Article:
Philip Seymour Hoffman's Death Is Government's Fault, Says Congressman



The House Committee on Oversight and Government Reform convened to discuss the Obama Administration's marijuana policy. Cohen asserted:

It is ludicrous, absurd, crazy, to have marijuana on the same level as heroin. Ask the late Philip Seymour Hoffman, if you could. Nobody dies from marijuana. People die from heroin. And, every second that we spend in this country trying to enforce marijuana laws is a second that we're not enforcing heroin laws… Every death, including Mr. Hoffman's, is partly the responsibility of the federal government's drug priorities for not putting total emphasis on the drugs that kill.

The representative also criticized Republicans for being "schizophrenic" in their calls for limited government while simultaneously approving of federal meddling in state legalization efforts as well as a prison system bloated by the costs of the drug war.

Though, one could say that Cohen, who understands the relative harmlessness of marijuana and the futility of trying to stop people from consuming it, is schizophrenic for not following through with this line of logic when considering other substances.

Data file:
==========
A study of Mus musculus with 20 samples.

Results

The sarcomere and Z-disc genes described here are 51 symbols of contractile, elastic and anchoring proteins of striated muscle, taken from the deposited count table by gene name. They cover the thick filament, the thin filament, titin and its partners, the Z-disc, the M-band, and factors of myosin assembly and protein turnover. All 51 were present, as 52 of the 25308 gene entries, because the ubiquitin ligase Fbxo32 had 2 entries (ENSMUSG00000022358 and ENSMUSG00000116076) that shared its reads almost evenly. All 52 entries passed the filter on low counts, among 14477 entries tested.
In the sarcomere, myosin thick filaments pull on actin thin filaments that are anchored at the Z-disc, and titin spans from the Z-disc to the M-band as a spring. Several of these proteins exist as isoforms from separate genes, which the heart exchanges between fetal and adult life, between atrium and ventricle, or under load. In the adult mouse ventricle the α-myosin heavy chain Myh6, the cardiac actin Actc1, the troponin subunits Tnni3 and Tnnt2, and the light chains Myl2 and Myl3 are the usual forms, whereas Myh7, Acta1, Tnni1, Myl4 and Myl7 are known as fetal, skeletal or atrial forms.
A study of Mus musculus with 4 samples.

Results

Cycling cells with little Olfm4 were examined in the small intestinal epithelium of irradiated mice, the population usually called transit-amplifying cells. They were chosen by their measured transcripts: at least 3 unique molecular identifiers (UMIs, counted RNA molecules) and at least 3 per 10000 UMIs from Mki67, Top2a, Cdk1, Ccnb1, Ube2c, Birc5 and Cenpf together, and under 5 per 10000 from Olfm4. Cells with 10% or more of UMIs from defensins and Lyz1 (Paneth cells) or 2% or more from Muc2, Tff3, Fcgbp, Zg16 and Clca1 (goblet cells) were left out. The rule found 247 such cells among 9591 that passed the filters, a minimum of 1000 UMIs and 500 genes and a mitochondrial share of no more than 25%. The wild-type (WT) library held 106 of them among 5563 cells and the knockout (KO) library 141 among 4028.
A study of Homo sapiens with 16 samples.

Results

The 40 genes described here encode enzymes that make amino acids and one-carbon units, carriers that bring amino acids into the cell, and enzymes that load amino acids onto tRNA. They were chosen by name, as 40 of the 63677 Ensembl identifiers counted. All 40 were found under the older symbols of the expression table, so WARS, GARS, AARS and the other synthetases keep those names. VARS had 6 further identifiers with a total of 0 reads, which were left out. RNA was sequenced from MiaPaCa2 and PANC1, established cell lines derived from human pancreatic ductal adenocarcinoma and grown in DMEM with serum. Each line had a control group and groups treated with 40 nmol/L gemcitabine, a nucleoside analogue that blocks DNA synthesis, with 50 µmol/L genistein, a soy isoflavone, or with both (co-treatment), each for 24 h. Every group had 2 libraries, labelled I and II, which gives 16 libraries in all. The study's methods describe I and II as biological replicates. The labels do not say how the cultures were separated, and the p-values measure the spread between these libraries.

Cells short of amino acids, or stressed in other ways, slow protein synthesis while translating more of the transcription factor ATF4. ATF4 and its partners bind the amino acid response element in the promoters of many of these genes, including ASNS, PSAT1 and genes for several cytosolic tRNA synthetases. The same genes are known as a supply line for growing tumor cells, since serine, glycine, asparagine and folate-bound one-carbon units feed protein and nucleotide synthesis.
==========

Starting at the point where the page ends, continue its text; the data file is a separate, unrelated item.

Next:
Why not give up on the laws that keep it listed as a Schedule I drug as well?

As Reason's Jacob Sullum and Matthew Feeney have explained, prohibition actually makes heroin more dangerous. The drug war ensures that users have to rely on the opaque black market, where the risk of buying contaminated and potentially deadly products increases. This isn't just a libertarian position, though.

Dr. Stanton Peele points out, pure, unadulterated heroin is not particularly dangerous. Likewise, studies have confirmed, it is a safer and cheaper alternative to government-approved methadone. 

"Our drug policy of prohibition and interdiction makes it difficult and dangerous for people like Hoffman to get high, but not impossible — and it makes these tragic overdose deaths more common than they have to be," argues Eugene Robinson of the Washington Post and MSNBC.

Few politicians would outright say, "legalize heroin." The majority of Americans believe that recreational marijuana should be legal, but they remain wary of ending the prohibition of harder drugs. Perhaps, as Cohen advocates, government should put as much focus on heroin as it has on marijuana. Then people would see that the drug war fails regardless of the substance.